Suzanne Oakdale, Professor of Anthropology at The University of New Mexico and the Deputy Editor of the Journal of Anthropological Research, has published a new book called Amazonian Cosmopolitans: Navigating a Shamanic Cosmos, Shifting Indigenous Identities, and Other Modern Projects published by University of Nebraska Press. 


Amazonian Cosmopolitans focuses on the autobiographical accounts of two Brazilian Indigenous leaders, Prepori and Sabino, Kawaiwete men whose lives spanned the 20th century, when Amazonia increasingly became the context of large-scale state projects. Both give accounts of how they worked in a range of these enterprises from the 1920s to the 1960s in central Brazil. Prepori, a shaman, also gives an account of his relations with spirit beings that populate the Kawaiwete cosmos as he participated in these projects. 

Oakdale explained that, like other Indigenous Amazonians, Kawaiwete value engagement with outsiders, particularly for leaders and shamanic healers. These social engagements encourage a careful watching and learning of others’ habits, customs, and sometimes languages, what could be called a kind of cosmopolitanism or an attitude of openness, leading to an expansion of the boundaries of community. The historical consciousness presented by these narrators centers on how transformations in social relations were experienced in bodily terms—how their bodies changed as new relationships formed, she said.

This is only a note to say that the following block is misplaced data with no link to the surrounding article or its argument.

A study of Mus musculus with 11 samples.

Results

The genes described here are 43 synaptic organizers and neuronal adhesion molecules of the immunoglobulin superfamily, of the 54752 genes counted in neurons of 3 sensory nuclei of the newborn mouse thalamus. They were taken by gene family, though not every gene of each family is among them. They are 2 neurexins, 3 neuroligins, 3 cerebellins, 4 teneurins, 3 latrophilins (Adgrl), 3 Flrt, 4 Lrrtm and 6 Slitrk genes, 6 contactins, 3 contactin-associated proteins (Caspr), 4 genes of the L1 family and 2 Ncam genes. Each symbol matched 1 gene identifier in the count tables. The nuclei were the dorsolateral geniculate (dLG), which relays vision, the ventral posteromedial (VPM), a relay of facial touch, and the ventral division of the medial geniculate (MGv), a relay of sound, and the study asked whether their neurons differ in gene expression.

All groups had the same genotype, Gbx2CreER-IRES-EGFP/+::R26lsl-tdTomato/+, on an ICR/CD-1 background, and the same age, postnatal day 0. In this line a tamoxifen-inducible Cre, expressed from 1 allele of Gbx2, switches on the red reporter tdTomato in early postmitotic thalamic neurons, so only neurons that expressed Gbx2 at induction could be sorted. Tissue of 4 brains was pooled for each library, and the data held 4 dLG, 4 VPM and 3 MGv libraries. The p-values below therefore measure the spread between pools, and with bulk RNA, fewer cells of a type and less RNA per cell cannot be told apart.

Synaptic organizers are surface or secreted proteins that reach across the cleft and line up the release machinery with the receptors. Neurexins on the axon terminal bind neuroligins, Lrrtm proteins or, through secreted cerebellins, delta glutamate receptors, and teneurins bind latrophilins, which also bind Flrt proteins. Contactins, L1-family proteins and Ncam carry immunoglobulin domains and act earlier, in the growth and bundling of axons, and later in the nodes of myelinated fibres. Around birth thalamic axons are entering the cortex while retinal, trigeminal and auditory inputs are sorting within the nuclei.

Oakdale is also the author of I Foresee My Life: The Ritual Performance of Autobiography in an Amazonian Community (Nebraska, 2005) and coeditor, with Magnus Course, of Fluent Selves: Autobiography, Person, and History in Lowland South America (Nebraska, 2014) .

Image: Professor Suzanne Oakdale examines Amazonian artifacts.